While down-ballot local government races often do not get the attention they deserve from voters, it is the decisions many of these elected leaders make that are going to affect some of the things that are most important to residents, such as schools, roads and public safety. The Times has endorsed the following candidates for this important role.
For Commissioner District 3, our endorsement is for Republican incumbent Dennis Frazier. Throughout his campaign, he has demonstrated a deep understanding of the issues before the Board of County Commissioners. During his four years on the board, Frazier has governed with level-headedness and has sought to make decisions with what is best for the whole county in mind, not just beholden to voters in his district. With that said, because of his previous experience on the Westminster Common Council, he is also very in-tune with the needs of District 3. Frazier has also been the strongest advocate among the county commissioners in addressing the opioid crisis.
Paul Johnson, a Democrat, has earned our endorsement for the commissioner seat in District 4. Despite his party affiliation, Johnson has demonstrated throughout the campaign and at various forums that he is a principled, independent thinker on local issues. We also think Johnson has good ideas for economic development in the county, focusing on bringing information technology jobs here. These good-paying, in-demand jobs do not require the water infrastructure Carroll lacks that other businesses demand. They also do not take up as much space as industrial and manufacturing jobsites and align with programs being offered to students by the Career and Tech Center and Carroll Community College.
For judge of the Carroll County Circuit Court, we endorse Judge Richard Titus to return to the bench. While we don’t disagree that it is long past due to have a female judge sit on the Circuit Court bench in Carroll, gender should not be the lone qualification. Over more than two decades as a practicing attorney in Carroll and since he was appointed by Gov. Larry Hogan in 2016, Titus has earned a reputation as a fair but firm judge, who exhibits patience, compassion and common sense. We see no reason not to return him to the bench.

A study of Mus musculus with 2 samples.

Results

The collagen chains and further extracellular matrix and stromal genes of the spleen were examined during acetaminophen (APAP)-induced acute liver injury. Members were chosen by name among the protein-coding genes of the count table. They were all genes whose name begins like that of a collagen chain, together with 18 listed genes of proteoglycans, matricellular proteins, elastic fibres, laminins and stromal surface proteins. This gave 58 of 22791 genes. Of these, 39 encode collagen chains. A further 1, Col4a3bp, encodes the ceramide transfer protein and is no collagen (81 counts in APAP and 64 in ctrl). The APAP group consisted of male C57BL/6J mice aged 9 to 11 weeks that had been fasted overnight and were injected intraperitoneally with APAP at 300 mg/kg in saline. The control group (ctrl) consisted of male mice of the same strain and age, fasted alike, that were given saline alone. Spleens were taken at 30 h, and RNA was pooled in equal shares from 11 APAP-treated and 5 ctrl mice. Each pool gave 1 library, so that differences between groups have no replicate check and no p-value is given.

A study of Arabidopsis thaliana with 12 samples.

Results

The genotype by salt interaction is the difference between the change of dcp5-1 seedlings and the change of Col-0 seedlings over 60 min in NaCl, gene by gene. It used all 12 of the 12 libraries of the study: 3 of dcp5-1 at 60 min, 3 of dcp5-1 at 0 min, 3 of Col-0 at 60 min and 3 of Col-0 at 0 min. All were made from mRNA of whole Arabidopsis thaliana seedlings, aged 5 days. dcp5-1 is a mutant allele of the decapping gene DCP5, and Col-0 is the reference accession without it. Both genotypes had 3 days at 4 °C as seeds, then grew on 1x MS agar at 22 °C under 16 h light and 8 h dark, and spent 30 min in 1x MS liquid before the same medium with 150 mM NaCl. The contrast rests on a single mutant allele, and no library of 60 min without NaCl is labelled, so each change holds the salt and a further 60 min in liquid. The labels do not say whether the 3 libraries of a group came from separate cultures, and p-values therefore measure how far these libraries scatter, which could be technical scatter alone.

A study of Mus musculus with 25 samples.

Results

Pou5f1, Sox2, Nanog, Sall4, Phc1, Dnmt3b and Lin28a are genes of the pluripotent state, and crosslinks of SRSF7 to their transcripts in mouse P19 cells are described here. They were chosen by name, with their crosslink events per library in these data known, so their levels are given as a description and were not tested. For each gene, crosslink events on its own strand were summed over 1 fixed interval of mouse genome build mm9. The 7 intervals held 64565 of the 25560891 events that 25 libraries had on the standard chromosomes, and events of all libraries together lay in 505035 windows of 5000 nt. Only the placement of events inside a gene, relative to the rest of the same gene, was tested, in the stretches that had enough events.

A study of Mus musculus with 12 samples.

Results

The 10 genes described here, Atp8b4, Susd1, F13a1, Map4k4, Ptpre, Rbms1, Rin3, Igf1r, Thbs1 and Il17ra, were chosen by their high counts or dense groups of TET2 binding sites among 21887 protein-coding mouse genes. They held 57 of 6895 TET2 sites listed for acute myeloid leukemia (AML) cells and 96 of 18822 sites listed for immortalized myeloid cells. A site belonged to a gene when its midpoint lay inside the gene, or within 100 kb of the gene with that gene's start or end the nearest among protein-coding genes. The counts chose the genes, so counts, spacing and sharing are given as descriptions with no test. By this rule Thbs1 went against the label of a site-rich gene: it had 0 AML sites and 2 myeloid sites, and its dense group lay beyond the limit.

Terrie Connolly, a Democrat, is our choice for clerk of the Circuit Court. This choice is based on her more than 30 years working for the Maryland judiciary, including in the criminal, juvenile, civil, land records, courtroom and licensing departments. She is currently a senior manager of courtroom operations for the Carroll County Circuit Court. Connolly is, without question, the most qualified for this post.
For judge of the Orphan’s Court, we are endorsing Republicans Margaret “Peggy” Bair and Charles Coles Jr., and Democrat Charles Harrison for the three seats. These three are the only candidates running with previous experience serving as judge of the Orphan’s Court, the state’s probate court, which supervises the management of estates of people who have died, with or without a will, while owning property in their sole name.
Several races for local offices will be uncontested in the general election, which is a shame. Typically, we believe the more choice that voters have, the better.
However, we also recognize that the reason some of these individuals are not being challenged is because they have done a good job in their most recent terms in office, and have generally been responsive to their constituents. In a few other races, the candidate faced a significant challenger or challengers in the primary, and proved themselves to be the best of the bunch in June.